Adjusting to Skill Shortages: Complexity and Consequences
AbstractSkill shortages are often portrayed as a major problem for the economies of many countries including the Australian economy. Yet, there is surprisingly little evidence about their prevalence, causes and consequences. This paper attempts to improve our understanding about these issues by using econometric methods to analyse the Business Longitudinal Database, an Australian panel data-set with information about skill shortages in small- and medium-sized businesses during 2004/05. We use this information to: (1) explore the incidence of skill shortages and the business attributes that are associated with them; (2) identify which businesses face more complex skill shortages, as measured by the number of different causes reported simultaneously; and, uniquely, (3) examine how this complexity affects businesses' responses to skill shortages and aspects of their subsequent performance. We show that complex skill shortages are more likely than simpler (single-cause) skill shortages to persist and to trigger defensive responses from businesses. We reject the conception of skill shortages as a homogenous phenomenon, and demonstrate the importance of distinguishing between skill shortages according to whether they have simple or complex causes.
Download InfoIf you experience problems downloading a file, check if you have the proper application to view it first. In case of further problems read the IDEAS help page. Note that these files are not on the IDEAS site. Please be patient as the files may be large.
Bibliographic InfoPaper provided by Institute for the Study of Labor (IZA) in its series IZA Discussion Papers with number 6097.
Length: 33 pages
Date of creation: Oct 2011
Date of revision:
Contact details of provider:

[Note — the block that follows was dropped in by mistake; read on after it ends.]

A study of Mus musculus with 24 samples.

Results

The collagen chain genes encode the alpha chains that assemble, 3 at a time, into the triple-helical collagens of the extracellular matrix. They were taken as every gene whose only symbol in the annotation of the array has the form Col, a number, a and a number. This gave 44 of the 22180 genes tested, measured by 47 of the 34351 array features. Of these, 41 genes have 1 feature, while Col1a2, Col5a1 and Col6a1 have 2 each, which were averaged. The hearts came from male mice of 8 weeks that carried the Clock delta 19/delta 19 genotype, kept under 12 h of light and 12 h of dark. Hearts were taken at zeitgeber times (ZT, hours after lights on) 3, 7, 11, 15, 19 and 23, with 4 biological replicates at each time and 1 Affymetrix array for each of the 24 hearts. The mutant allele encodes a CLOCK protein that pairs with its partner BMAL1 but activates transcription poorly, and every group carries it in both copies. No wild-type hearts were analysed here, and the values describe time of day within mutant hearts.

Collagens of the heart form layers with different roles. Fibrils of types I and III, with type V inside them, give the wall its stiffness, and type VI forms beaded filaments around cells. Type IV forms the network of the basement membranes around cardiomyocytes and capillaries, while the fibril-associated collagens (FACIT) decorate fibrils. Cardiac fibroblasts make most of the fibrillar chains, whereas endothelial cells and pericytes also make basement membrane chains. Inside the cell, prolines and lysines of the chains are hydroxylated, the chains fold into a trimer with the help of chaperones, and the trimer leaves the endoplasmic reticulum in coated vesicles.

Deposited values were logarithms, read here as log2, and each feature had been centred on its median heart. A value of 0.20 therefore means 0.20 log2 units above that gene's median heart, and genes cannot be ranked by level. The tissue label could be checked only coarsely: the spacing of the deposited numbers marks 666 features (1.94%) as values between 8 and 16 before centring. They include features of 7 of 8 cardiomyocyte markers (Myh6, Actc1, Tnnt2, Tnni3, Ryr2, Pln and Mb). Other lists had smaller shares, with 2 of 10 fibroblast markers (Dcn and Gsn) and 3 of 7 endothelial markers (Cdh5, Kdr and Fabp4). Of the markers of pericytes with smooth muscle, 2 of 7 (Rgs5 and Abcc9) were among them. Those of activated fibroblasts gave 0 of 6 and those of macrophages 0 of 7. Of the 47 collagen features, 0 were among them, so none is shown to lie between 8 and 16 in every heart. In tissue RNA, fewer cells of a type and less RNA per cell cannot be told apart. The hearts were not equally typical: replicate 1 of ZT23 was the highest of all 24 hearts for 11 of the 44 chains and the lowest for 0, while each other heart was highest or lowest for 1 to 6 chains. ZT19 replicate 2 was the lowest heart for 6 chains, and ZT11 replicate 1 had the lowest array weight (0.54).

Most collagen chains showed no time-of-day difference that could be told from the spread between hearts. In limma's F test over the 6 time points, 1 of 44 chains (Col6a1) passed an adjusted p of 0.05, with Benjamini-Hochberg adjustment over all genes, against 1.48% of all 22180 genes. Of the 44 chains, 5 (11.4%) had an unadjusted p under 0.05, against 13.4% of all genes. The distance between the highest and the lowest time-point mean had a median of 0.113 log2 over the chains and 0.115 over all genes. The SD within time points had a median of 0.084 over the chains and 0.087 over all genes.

Postal: IZA, P.O. Box 7240, D-53072 Bonn, Germany
Phone: +49 228 3894 223
Fax: +49 228 3894 180
Web page: http://www.iza.org
Postal: IZA, Margard Ody, P.O. Box 7240, D-53072 Bonn, Germany
Find related papers by JEL classification:
- J0 - Labor and Demographic Economics - - General
- J20 - Labor and Demographic Economics - - Demand and Supply of Labor - - - General
- J23 - Labor and Demographic Economics - - Demand and Supply of Labor - - - Labor Demand
- J24 - Labor and Demographic Economics - - Demand and Supply of Labor - - - Human Capital; Skills; Occupational Choice; Labor Productivity
This paper has been announced in the following NEP Reports:
- NEP-ALL-2011-11-21 (All new papers)
- NEP-ENT-2011-11-21 (Entrepreneurship)
- NEP-LAB-2011-11-21 (Labour Economics)
Please report citation or reference errors to , or , if you are the registered author of the cited work, log in to your RePEc Author Service profile, click on "citations" and make appropriate adjustments.:
- Michael Coelli & Roger Wilkins, 2008. "Are Skills Shortages a Constraint on Increasing Employment in Australia?," Australian Economic Review, The University of Melbourne, Melbourne Institute of Applied Economic and Social Research, vol. 41(3), pages 310-322, 09.
- Haskel, Jonathan & Martin, Christopher, 1993. "Do Skill Shortages Reduce Productivity? Theory and Evidence from the United Kingdom," Economic Journal, Royal Economic Society, vol. 103(417), pages 386-94, March.
- Uschi Backes-Gellner & Simone Tuor, 2007.
"Avoiding Labor Shortages by Employer Signaling - On the Importance of Good Work Climate and Labor Relations,"
0067, University of Zurich, Institute for Strategy and Business Economics (ISU).
- Uschi Backes-Gellner & Simone N. Tuor, 2010. "Avoiding Labor Shortages by Employer Signaling: On the Importance of Good Work Climate and Labor Relations," Industrial and Labor Relations Review, ILR Review, Cornell University, ILR School, vol. 63(2), pages 271-286, January.
- Uschi Backes-Gellner & Simone Tuor, 2007. "Avoiding Labor Shortages by Employer Signaling - On the Importance of Good Work Climate and Labor Relations," Economics of Education Working Paper Series 0010, University of Zurich, Institute for Strategy and Business Economics (ISU).
- Haskel, Jonathan & Martin, Christopher, 1993. "The Causes of Skill Shortages in Britain," Oxford Economic Papers, Oxford University Press, vol. 45(4), pages 573-88, October.
- Haskel, Jonathan & Martin, Christopher, 2001. "Technology, Wages, and Skill Shortages: Evidence from UK Micro Data," Oxford Economic Papers, Oxford University Press, vol. 53(4), pages 642-58, October.
- Green, Francis & Machin, Stephen & Wilkinson, David, 1998. "The Meaning and Determinants of Skills Shortages," Oxford Bulletin of Economics and Statistics, Department of Economics, University of Oxford, vol. 60(2), pages 165-87, May.
For technical questions regarding this item, or to correct its authors, title, abstract, bibliographic or download information, contact: (Mark Fallak).
If references are entirely missing, you can add them using this form.